The Bodhisattva Beat


Vernal Equinox: 2007

Vernal Equinox: 2007

Sean Briskey – guitar, backing vocals

Victor Vieira-Branco – percussion

Colin Peterik – vocals, organ, keys

Will Gumbiner – bass guitar

Lobster Newberg made their debut in 2007 with “Vernal Equinox.” I was working for Progressive Archives at the time, and was asked to evaluate the band for possible inclusion. Let me tell you, I was immediately impressed. What was even more impressive was how young these guys were (high school age). This album sounds as if it was done by a group of seasoned veterans. The professional aspect could have something to do with the fact that vocalist / keyboardist Colin Peterik is the son of Jim Peterik (Ides of March, Survivor), but the raw talent involved here is the real key.

The music is definitely retro, with an emphasis on organ. You can tell these guys spent a lot of time with their parents’ music collections. However, it is still original and fresh. There is also a jam band feel, but there is decidedly more structure than that. So, pinning these guys down was not an easy task. This is why Lobster Newberg eventually ended up in the Eclectic sub-genre at Prog Archives (after much discussion I can assure you).

 It would also seem that this is primarily Colin’s project (this view is upheld by the fact that none of the other band members appear on the next album). He must have a good network with which to find musicians, because all of these guys can play, and play well.

 “Equinox” begins with a decidedly psychedelic intro, and then the organs kick in. The tome is a bit menacing, and the band decides to flex its muscle right away. Strength is the vibe I get. The song itself is actually more of an intro to “Paradox.” Once here, things are much more mellow and haunting. It is also the first time Peterik sings. He has an excellent rock voice, and there is a definite familiarity (I was trying to peg who he sounds like, and closest comparison I could come up with is Gary Brooker from Procol Harum). About halfway through, the pace picks up. The tone even changes as they go into a boogie blues. Then it goes into full prog exhibition, and finishes back at the main theme.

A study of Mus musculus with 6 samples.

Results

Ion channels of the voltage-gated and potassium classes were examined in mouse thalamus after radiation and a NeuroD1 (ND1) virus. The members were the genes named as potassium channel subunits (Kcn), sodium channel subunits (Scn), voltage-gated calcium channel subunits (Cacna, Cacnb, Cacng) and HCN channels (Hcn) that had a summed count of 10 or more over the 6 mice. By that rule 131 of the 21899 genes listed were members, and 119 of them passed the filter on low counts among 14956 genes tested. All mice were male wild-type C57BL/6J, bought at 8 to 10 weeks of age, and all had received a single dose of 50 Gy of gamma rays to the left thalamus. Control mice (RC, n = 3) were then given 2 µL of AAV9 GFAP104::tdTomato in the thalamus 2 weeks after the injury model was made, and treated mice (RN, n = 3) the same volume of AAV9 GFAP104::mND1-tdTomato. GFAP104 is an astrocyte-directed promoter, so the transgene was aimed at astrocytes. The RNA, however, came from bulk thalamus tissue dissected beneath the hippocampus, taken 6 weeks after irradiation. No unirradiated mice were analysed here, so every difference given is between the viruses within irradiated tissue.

“Lloyd” is a rock out in the grand style of Deep Purple, and others like them. Once again, these guys prove they are worthy of banner they carry.

 “Tobasco > Sauce” is a little odd. It starts out sounding like cheese (but loveable) horror movie music. You may think they were trying to pen a new them for “Tales from the Crypt.” When the melody and vocals kick in, it puts me in the mind of “Secret Agent Man.” Maybe that’s because a few of the lryics are similar, but there is also something else. The mid break gets Latin, and has a great trumpet part. One thing is certain, Lobster Newberg never lets you get too comfortable in any song.

 From the intro of the next track, you would never guess what’s coming. It sounds like another big prog blast is coming. All of a sudden you are snapped back, and say to yourself, “What? Is that … The Turtles?” Yep, it’s a cover of “Happy Together.” I bet you never thought something like this could be prog, but remember, Yes did it with The Beatles. They jam it for all it’s worth too.

 “Flaunch” is the one that will have you bobbing your head, and singing along. Here is a tune that the Black Crows only wish they could have done.

 “Woods” is the softer side of the Lobster (well, at the beginning and end anyway). In a way it puts me in the mind of R.E.M.. However, the jam out is nothing like the aforementioned alternative rockers. Versatility, and the ability to pull of poignant beauty is demonstrated, if only briefly.

 “Irwin” is a more jazz influenced version of the Deep Purple sound.

 “African Bridesmaid” is really just another excuse to jam.

 “Wentworth” is an attempt at a little more depth and diversity, and the longer “epic” of the album. They do pull it off, but there are some problems. The piece is constructed around a theme, but it tends to get lost. It is still a good track, and contains many good ideas. I think it just could have used more time in development. I view this one as a preview of possibilities for the future.

 “Solstice” brings back that poignant beauty I mentioned earlier. In the end it falls apart into the psychedelic aspect of the beginning, thus making it an apt closing. There is also “Hidden Track,” which just continues the psychedelic musings, and adds backward tape (very Beatle-esque in my opinion).

Here is a solid album, and even more impressive considering the source, and that it is a debut. Sure, it’s not perfect, and very derivative, but it’s still very good. It’s also the first time out, so there is plenty of room for growth. The music is bold, exciting, and full of hooks. Even if prog isn’t your bag, you should have no problem rocking out with this.